It is always interesting to see what has happened overnight. Has there been a major arrival of new birds or will we just see the same old faces? We started the day with early morning visits to Grafarvogur and Leiruvogur, the two small estuaries on the edge of the Reykjavík conurbation. There were still no colour-ringed Black-tailed Godwits and only 15 more in the flock than yesterday. Lots of birds are presumably either waiting for better take-off conditions in the UK or struggling with whatever the weather has to offer them over the North Atlantic.
We decided to take a trip down to Eyrarbakki and Stokkseyri, two former fishing villages on the south coast of Iceland. If there were new arrivals to be seen, this is where we would find them. As we came over the mountains, we appreciated just how different the weather had been down here. There was still a good 25 cm of fresh snow and the only nine Black-tailed Godwits that we found all day shone brightly in their red breeding plumage.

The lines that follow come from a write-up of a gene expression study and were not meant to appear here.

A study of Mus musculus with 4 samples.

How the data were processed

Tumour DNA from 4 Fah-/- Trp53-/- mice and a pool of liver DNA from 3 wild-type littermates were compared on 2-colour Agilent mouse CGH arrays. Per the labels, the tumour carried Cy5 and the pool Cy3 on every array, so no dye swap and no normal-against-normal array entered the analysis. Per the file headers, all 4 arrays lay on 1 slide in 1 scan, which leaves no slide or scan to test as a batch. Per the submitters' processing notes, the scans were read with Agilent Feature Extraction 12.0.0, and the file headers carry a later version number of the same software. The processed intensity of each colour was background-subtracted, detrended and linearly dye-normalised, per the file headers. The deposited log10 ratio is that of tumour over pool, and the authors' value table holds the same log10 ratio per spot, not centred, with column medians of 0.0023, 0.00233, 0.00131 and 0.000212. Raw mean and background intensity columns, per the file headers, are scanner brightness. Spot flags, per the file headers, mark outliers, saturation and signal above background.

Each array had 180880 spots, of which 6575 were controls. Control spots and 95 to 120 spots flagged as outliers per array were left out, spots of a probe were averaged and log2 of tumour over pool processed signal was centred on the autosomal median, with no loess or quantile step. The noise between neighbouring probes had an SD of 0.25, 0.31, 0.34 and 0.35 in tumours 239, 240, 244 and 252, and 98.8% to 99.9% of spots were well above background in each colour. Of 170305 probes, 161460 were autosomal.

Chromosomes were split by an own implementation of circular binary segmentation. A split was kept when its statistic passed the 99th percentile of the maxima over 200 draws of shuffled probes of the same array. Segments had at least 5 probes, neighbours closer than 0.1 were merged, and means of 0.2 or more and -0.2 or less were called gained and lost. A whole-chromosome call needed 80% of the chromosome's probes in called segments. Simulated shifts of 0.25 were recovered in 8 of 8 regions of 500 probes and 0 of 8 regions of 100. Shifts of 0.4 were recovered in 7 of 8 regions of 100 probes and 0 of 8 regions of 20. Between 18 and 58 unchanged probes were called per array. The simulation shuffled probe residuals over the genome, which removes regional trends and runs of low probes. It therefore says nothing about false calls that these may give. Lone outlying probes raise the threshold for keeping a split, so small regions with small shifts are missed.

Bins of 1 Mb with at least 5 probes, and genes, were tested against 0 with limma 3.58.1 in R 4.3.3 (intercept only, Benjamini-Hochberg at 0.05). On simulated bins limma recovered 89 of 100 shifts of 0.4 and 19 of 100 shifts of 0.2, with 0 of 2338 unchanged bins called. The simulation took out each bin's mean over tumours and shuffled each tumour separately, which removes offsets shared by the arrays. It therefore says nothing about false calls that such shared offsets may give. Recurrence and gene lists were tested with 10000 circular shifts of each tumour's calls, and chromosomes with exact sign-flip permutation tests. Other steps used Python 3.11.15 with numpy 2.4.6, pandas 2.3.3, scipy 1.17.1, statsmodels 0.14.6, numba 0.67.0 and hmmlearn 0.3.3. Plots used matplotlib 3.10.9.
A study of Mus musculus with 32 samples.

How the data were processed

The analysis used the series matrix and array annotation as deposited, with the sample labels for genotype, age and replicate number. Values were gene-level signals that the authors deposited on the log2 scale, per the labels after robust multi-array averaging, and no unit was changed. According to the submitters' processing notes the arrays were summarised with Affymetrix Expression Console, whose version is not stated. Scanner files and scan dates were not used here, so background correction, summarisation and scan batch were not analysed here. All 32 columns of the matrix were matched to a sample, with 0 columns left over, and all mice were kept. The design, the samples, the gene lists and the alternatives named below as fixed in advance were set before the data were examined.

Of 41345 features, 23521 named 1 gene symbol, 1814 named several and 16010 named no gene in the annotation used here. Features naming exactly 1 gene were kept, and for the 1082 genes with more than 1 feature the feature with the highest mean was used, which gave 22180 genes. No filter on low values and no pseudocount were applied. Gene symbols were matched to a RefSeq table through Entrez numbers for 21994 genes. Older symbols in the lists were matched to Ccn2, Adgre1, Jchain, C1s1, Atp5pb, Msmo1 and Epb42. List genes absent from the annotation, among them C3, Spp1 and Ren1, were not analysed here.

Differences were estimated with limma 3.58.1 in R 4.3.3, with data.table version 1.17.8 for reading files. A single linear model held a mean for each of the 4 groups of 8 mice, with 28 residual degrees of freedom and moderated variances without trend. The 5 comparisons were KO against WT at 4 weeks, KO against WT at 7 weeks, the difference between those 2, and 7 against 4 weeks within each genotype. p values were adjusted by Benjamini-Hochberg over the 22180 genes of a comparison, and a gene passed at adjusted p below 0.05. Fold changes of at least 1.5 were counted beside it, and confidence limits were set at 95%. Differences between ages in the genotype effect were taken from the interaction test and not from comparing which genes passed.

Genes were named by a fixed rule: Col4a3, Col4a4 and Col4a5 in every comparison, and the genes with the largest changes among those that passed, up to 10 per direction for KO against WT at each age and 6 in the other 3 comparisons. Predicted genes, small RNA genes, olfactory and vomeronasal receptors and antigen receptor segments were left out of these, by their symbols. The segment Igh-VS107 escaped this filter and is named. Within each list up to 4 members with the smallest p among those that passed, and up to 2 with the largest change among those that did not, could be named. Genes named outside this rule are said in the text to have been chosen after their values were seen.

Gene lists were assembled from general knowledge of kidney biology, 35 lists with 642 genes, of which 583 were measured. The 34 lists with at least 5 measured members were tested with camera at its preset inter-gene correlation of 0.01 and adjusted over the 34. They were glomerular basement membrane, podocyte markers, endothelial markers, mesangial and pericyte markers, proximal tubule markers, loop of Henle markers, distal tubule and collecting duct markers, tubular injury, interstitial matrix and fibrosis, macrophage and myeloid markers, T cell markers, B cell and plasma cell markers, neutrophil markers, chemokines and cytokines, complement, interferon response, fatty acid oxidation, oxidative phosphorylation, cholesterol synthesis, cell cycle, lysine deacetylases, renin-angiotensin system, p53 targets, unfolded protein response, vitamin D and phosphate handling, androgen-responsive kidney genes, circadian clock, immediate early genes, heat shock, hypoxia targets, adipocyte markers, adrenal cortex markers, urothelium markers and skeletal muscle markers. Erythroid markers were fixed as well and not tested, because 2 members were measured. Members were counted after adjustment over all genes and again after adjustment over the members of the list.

We watched for signs of arriving birds for the next two hours and were surprised only to see two pairs of Whooper Swans flying low as they came in from the sea. The only other visible migration occurred as the tide covered the beach and small flocks of Oystercatchers that had been refuelling after their trip from the UK, took off in small parties to complete their journeys to other parts of Iceland.
Given that we had seen so little in the way of bird movement during the day, we were not surprised that there had been no addition to the flock of Black-tailed Godwits at Grafarvogur, when we checked again in the afternoon. Perhaps tomorrow.